Wednesday, October 25, 2000

Fulbright Scholar Brings Expertise in Int'l Migration

SALISBURY, MD---Salisbury State University's first Fulbright Scholar in Residence has brought her expertise in international migration to Delmarva, an area where she can both educate on the topic from the Mexican perspective and learn from a place which is itself rich in migration history. Dr. Ana Maria Aragones Castaner has taught at UNAM (Universidad Nacional Autonoma de Mexico, the National Autonomous University of Mexico) in Mexico

City for the past 18 years. She is a published author and recognized expert in the area of international migration, and had previous international teaching experiences in Buenos Aires, and France, where she also earned her law degree. She is eager to explore American attitudes and ideas on migration.

"We are in a new reality now. The globalization is the new reality, so we have to look for the better ways this new globalization brings us closer together," Aragones said.

SSU has had at least six of its professors go to other countries as Fulbright scholars or that country's equivalent. The Fulbright program, administered by the Council for International Exchange of Scholars, has helped promote worldwide understanding through educational exchange since just after World War II," said Dr. Connie L. Richards, chair of the Department of English and former coordinator of international programs, now headed by Gary E. Grodzicki.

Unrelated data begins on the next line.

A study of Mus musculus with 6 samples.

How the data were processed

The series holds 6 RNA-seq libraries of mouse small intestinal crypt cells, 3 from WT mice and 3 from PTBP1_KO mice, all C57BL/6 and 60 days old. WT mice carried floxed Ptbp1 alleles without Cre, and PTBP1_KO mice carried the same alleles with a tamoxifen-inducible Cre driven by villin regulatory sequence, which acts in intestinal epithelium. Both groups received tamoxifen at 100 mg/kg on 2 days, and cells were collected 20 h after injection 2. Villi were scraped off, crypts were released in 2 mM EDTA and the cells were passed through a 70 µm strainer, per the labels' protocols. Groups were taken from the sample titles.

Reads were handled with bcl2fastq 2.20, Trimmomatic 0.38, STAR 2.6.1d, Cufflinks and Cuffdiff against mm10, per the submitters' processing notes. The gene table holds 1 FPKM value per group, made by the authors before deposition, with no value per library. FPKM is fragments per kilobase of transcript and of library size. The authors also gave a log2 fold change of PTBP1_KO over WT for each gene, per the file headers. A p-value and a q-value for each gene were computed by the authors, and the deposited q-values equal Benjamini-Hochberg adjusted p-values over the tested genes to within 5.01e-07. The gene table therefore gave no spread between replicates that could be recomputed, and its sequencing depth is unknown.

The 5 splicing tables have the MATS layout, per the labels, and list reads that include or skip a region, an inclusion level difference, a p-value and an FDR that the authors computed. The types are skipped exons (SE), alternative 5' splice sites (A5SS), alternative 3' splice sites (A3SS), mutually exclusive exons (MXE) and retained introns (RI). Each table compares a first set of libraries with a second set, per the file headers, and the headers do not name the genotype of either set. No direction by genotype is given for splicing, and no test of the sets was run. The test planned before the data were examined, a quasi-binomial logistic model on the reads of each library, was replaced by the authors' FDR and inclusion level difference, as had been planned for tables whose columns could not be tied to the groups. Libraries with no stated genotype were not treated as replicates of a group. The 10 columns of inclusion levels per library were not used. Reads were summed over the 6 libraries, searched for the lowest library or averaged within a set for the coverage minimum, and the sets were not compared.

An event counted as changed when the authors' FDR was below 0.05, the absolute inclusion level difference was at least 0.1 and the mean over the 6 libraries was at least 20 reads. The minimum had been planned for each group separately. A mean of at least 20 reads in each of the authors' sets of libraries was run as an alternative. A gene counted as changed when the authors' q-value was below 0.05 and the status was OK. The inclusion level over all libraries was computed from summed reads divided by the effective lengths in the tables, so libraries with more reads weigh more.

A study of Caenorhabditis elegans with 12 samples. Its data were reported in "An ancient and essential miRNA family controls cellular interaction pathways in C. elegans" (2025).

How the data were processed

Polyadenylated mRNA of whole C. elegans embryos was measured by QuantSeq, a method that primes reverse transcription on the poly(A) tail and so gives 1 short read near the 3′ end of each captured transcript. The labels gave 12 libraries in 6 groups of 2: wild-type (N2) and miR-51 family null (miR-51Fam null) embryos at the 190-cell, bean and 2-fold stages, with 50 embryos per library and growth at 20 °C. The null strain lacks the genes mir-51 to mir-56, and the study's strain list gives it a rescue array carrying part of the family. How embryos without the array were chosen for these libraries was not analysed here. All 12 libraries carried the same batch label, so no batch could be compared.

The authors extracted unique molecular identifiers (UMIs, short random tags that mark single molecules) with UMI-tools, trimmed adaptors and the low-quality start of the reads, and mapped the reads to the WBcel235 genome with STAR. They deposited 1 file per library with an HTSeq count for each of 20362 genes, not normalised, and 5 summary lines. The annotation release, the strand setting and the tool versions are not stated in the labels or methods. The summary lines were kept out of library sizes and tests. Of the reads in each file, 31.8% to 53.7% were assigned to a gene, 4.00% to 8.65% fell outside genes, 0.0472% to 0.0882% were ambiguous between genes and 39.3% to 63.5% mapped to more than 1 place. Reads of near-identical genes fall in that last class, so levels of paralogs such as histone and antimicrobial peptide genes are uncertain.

"The program is very competitive," said Richards, who was a Fulbright scholar in Spain. "Having a Fulbright Scholar in Residence brings us into the international arena. It provides the opportunity for people to have a better understanding of the country she represents."

UNAM is the world's largest Latin American university, with 30,000 professors and 250,000 students. Aragones and SSU knew they wanted to participate in the exchange of knowledge through the Fulbright fellowship, but Aragones' status remained uncertain for months as her university's students went on strike against a tuition increase. She finally got the all-clear, and arrived in Salisbury in August for the one-year fellowship.

"We reviewed other applicants, but Dr. Aragones was the strongest candidate. She met all of the qualifications. Her background fit our needs perfectly," said Dr. Timothy J. Dunn, Department of Sociology faculty member and her guide during her first weeks in the United States.

"It was an easy choice for us." This fall, she is teaching on the topics of U.S.-Mexican relations and international migration patterns, and in the spring she will teach two classes, including one in Spanish. She will also present on campus and do community outreach by talking with service providers, migrant workers, and those who employ them.

"It is important to be in touch with students, to explore their views about migration," Aragones said. "There are many things for me to learn--a new culture, new context for migration. I would like to know what better things we can do for this kind of person. That for me is very important."